Community Research and Development Information Service - CORDIS



Project ID: 313164
Funded under: FP7-IDEAS-ERC
Country: Hungary

Final Report Summary - KNOWLEDGEFLOWS (Channels and Consequences of Knowledge Flows from Developed Economies to Central and Eastern Europe)

The project measured how knowledge flows from advanced economies to countries in Central and Eastern Europe. It identified four channels of these knowledge flows: Trade, Managers, Workers and Suppliers.

When CEE countries import intermediate inputs or capital equipment from advanced economies, they also access advanced technology. Several studies completed during the project focused on the import channel. In "Imported Inputs and Productivity" we estimated a model of importers in Hungarian micro data and conduct counterfactual policy analysis to investigate the effect of imported inputs on productivity. We found that importing all input varieties used in production would increase a firm's revenue productivity by 22 percent. Our results suggest policy complementarities between tariff cuts, dismantling non-tariff barriers, and FDI liberalization.

To better understand the barriers to trade, we studied administrative barriers to trade. We document that trade costs of a per-shipment nature are associated with less frequent and larger shipments, i.e. more lumpiness, in international trade. We then built a model of administrative barriers to trade to understand how they affect trade volumes, shipping decisions and welfare. We estimated the ad-valorem equivalent in Spanish shipment-level export data and found it to be large. Our model and estimates help explain why policy makers emphasize trade facilitation.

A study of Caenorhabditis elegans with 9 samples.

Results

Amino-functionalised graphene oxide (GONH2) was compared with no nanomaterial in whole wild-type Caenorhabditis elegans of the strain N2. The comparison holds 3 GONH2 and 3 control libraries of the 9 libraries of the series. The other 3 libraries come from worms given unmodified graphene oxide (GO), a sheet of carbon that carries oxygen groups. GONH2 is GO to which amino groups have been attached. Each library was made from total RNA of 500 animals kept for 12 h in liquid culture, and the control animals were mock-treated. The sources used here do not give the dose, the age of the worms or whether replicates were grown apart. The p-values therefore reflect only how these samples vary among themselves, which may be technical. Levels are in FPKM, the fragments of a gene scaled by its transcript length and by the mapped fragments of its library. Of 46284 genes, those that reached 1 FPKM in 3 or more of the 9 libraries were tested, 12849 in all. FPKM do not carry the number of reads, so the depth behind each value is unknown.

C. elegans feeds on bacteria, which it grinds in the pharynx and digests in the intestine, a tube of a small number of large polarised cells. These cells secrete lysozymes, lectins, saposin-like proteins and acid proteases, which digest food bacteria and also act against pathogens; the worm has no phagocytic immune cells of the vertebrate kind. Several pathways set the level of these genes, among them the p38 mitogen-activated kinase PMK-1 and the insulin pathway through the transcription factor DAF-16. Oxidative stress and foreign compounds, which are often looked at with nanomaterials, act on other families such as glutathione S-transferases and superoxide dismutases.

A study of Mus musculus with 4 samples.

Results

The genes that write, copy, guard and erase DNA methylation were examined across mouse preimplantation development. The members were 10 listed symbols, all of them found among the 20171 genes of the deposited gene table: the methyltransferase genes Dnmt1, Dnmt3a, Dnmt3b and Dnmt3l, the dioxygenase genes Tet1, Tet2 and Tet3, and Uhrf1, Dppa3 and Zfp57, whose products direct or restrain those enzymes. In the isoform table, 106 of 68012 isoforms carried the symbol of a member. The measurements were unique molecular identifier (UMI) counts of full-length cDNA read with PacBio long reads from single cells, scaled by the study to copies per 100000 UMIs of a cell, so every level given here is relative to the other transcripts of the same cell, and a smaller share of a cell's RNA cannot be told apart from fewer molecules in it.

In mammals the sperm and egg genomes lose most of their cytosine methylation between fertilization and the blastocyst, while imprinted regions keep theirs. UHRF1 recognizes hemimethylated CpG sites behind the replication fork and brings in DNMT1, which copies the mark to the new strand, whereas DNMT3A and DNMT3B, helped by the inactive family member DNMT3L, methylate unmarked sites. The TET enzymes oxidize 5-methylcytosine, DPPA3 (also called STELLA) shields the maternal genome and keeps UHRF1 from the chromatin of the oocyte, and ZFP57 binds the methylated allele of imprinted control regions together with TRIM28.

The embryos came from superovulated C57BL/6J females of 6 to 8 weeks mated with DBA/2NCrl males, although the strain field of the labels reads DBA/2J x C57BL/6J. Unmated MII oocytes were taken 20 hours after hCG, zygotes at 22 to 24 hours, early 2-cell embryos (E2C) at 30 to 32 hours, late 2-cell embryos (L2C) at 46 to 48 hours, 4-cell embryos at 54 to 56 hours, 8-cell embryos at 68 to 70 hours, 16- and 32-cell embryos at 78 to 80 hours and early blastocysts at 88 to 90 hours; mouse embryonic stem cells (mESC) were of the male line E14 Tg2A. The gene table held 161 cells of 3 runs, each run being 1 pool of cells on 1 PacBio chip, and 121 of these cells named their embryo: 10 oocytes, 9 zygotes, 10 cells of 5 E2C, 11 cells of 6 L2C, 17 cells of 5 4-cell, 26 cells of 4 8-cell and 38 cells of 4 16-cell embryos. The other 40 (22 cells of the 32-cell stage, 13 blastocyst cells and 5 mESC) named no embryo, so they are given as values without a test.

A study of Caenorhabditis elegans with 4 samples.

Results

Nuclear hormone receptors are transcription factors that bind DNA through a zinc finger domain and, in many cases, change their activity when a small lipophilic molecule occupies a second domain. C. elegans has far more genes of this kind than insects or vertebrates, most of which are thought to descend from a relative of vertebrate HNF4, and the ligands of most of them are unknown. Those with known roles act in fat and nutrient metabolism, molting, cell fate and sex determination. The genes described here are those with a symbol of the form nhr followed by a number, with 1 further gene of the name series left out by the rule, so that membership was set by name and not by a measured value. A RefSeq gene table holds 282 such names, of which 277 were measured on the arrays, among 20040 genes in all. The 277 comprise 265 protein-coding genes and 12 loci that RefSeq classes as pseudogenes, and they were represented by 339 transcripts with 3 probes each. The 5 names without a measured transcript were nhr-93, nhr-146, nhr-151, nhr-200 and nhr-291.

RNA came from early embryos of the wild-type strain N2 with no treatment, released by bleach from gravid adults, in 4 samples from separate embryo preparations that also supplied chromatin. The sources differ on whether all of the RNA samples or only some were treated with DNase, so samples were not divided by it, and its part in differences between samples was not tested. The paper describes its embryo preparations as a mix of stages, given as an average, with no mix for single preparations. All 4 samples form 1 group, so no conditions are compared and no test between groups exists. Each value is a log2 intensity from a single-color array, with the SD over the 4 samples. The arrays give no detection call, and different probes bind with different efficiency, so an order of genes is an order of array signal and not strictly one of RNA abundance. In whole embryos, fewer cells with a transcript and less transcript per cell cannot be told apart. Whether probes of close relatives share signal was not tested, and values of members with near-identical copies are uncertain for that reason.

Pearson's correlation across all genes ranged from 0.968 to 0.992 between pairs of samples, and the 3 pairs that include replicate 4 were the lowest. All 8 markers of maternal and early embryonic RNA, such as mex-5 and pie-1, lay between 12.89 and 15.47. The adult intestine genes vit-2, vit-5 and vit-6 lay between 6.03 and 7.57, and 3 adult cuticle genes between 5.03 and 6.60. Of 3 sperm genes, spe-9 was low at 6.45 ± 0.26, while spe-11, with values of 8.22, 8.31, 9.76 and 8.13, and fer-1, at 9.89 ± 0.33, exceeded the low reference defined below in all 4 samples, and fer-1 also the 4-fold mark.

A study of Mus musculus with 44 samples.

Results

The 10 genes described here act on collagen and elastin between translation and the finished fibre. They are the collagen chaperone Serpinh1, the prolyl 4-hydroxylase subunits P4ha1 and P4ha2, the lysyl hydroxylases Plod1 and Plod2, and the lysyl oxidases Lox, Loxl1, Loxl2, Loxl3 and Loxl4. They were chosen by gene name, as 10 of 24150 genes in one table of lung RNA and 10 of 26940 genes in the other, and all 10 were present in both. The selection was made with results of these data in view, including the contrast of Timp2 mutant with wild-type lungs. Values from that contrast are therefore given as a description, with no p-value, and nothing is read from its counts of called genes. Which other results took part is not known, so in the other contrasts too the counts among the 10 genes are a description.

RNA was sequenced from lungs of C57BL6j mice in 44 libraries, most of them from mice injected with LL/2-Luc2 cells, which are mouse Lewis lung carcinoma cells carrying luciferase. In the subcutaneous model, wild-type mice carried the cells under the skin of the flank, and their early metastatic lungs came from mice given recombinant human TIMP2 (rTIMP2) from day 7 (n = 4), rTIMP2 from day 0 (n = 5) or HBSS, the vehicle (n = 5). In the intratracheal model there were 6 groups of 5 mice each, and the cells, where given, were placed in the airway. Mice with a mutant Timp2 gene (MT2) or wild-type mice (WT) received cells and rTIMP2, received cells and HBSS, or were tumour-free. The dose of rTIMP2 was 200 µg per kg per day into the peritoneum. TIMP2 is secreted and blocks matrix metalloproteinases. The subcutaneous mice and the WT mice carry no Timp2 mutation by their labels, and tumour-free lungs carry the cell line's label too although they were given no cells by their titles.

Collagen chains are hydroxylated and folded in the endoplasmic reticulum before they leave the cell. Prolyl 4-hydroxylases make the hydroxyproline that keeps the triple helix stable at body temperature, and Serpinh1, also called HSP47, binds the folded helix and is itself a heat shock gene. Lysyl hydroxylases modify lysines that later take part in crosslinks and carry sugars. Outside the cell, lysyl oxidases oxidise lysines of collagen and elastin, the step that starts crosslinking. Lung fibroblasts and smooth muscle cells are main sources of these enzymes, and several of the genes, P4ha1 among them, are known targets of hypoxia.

How are workers affected by technology flows? We have studied the wages of workers at foreign as well as importing firms, using Hungarian linked employer-employee data, and also reviewing the literature from other countries. We found that international trade – especially import – has mostly a positive effect on wages. However, inequality also goes up, as the wages
of skilled labor and lower-level managers such as supervisors and middle managers increase the most. Often technology import is the only opportunity for an employee to
work with cutting-edge technology, and acquire skills related to it. Our results suggest that imports can help propagate skill-biased technical change.

We found similar patterns about wage returns to foreign firm experience. Foreign firms pay substantially higher wages to the same worker as domestic firms. Some of this wage difference remains after the workers moves to a domestic firm, suggesting that some knowledge spillover has taken place in the foreign firm. This positive effect of wages is accompanied by an increase in inequality, as the effect of foreign experience is highest for workers who already have high skills.

In ongoing work, we study the performance of firms led by expatriate managers in Hungary, 1992-2015. Preliminary results suggest that foreign owners improve firm performance by replacing local management with foreign manager. Our study can help understand the modes of foreign investment and provide a link between foreign ownership and management practices.

We have conducted the Central European Supplier Survey, where firms are asked to identify their business partners and answer a few questions about their relationship. The survey instrument can be used to conduct similar surveys in other countries.